With greater regularity, physicians and hospitals are receiving letters requesting proof of collection, or a sufficient attempt to collect, patient fees.
At one time in America, there was no such thing as "health insurance." Patients negotiated directly with hospitals and doctors, and paid what they could, often on a sliding scale, according to ability. Eventually, health insurance entered the market, easing the burden of healthcare costs.
It didn't take long to realize the ordinary rules of supply and demand would not apply, if the insurance company, not the patient, was responsible for the bill. Copayments, deductibles, and coinsurance developed as a check against overutilization. If the patient had some "skin" in the game, this would provide some disincentive, though not absolute, but some hedge against over-use. This protective requirement, though necessary, is at times at odds with AMA Code of Ethics Opinion 8.03, which holds: "The primary objective of the medical profession is to render service to humanity; reward or financial gain is a subordinate consideration."
In the current economy, as available dollars are becoming scarce, insurance carriers have begun checking up on the collection of copayments, deductibles, and coinsurance. With greater regularity, physicians and hospitals are receiving letters requesting proof, in perhaps five randomly selected cases, that the provider has collected, or sufficiently attempted to collect the portion of fees which is the patient's responsibility. This comes as a shock to many providers, who in keeping with Opinion 8.03, and the historical tradition of sliding scales, based upon ability to pay, have subordinated financial ability to pay in favor of the higher duty to care for the patient's need.
It is important to understand, however, forgiveness of copayments could land you in hot water. Therefore, doctors must understand the rules regarding waiver of copayments. AMA Opinion 6.12 addresses the ethical considerations:
Opinion 6.12 - Forgiveness or Waiver of Insurance Copayments
Under the terms of many health insurance policies or programs, patients are made more conscious of the cost of their medical care through copayments. By imposing copayments for office visits and other medical services, insurers hope to discourage unnecessary healthcare. In some cases, financial hardship may deter patients from seeking necessary care if they would be responsible for a copayment for the care. Physicians commonly forgive or waive copayments to facilitate patient access to needed medical care. When a copayment is a barrier to needed care because of financial hardship, physicians should forgive or waive the copayment.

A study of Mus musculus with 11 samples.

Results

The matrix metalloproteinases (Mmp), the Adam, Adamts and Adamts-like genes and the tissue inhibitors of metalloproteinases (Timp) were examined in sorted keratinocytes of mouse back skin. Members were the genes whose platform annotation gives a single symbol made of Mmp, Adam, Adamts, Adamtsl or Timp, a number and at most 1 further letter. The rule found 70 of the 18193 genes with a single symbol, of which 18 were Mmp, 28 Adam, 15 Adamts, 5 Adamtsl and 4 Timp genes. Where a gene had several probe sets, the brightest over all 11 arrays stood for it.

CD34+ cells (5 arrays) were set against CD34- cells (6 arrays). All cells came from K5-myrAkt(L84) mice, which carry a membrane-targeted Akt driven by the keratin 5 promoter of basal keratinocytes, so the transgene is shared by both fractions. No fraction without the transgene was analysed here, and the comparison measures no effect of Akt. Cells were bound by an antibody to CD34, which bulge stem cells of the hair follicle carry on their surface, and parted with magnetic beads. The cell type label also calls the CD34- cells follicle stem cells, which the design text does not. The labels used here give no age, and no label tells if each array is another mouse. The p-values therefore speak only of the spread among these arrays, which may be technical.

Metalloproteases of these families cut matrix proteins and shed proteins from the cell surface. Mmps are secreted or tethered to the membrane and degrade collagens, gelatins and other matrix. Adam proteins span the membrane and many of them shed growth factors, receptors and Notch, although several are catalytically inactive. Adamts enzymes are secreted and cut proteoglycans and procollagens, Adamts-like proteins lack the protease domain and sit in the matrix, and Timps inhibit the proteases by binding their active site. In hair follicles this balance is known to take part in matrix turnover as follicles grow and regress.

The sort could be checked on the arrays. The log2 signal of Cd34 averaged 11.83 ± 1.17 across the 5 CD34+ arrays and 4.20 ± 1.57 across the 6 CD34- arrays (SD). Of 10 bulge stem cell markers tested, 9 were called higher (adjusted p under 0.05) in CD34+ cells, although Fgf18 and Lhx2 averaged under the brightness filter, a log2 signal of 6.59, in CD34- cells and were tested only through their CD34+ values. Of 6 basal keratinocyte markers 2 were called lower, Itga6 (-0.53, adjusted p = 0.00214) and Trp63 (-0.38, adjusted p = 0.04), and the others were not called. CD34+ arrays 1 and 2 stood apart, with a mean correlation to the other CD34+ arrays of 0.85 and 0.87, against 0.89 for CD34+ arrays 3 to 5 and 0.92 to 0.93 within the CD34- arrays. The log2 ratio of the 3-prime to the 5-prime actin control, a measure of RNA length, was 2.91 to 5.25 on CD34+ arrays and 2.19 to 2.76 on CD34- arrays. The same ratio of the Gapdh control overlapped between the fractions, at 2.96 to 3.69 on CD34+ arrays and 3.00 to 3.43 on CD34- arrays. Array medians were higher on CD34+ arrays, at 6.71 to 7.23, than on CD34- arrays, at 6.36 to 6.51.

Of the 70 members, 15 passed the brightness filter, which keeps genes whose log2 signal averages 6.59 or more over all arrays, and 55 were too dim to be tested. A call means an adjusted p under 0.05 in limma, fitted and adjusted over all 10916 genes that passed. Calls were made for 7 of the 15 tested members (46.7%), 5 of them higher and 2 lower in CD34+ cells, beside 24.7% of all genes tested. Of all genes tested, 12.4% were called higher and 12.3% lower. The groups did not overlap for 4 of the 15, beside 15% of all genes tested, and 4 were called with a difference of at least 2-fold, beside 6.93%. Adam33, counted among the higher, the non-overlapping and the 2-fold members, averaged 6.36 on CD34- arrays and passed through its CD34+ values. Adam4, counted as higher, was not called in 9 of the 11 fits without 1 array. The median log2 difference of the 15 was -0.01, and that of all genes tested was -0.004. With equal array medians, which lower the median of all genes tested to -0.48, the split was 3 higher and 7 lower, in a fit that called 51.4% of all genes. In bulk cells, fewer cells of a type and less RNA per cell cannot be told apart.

A number of clinics have advertised their willingness to provide detailed medical evaluations and accept the insurer's payment but waive the copayment for all patients.
Physicians should be aware that forgiveness or waiver of copayments may violate the policies of some insurers, both public and private; other insurers may permit forgiveness or waiver if they are aware of the reasons for the forgiveness or waiver. Routine forgiveness or waiver of copayments may constitute fraud under state and federal law. Physicians should ensure that their policies on copayments are consistent with applicable law and with the requirements of their agreements with insurers.
Where the insurance contract requires a doctor to make reasonable attempts to collect the patient's portion, an open question surrounds the definition of "reasonable attempts to collect the debt." Historically, doctors could satisfy the requirement by sending at least three letters attempting to collect the debt. However, the Office of Inspector General (OIG) has taken the position that the routine waiver of copayments could constitute a criminal kickback in Medicare cases.
This has emboldened private insurers, who are relying upon this contractual provision as a basis for a post-payment recoupment audit. If a provider cannot demonstrate efforts to collect from the patient, the carrier may demand a refund for any benefits paid across a large patient population.
Providers should be aware of this new emphasis upon patient responsibility. My advice would be to proactively get ahead of the problem. Contact your insurance representative to find out what is expected of you and document the response. By all means, if you are a physician and you receive a letter from an insurance carrier requesting proof of attempts to collect, do not ignore it. A failure to cooperate could constitute grounds for termination of the contract with the payer.
Because this emphasis upon collection of copayments is a fairly recent phenomenon, even if you have been deficient in the past, you may be able to satisfy the carrier by demonstrating a corrective plan of action going forward.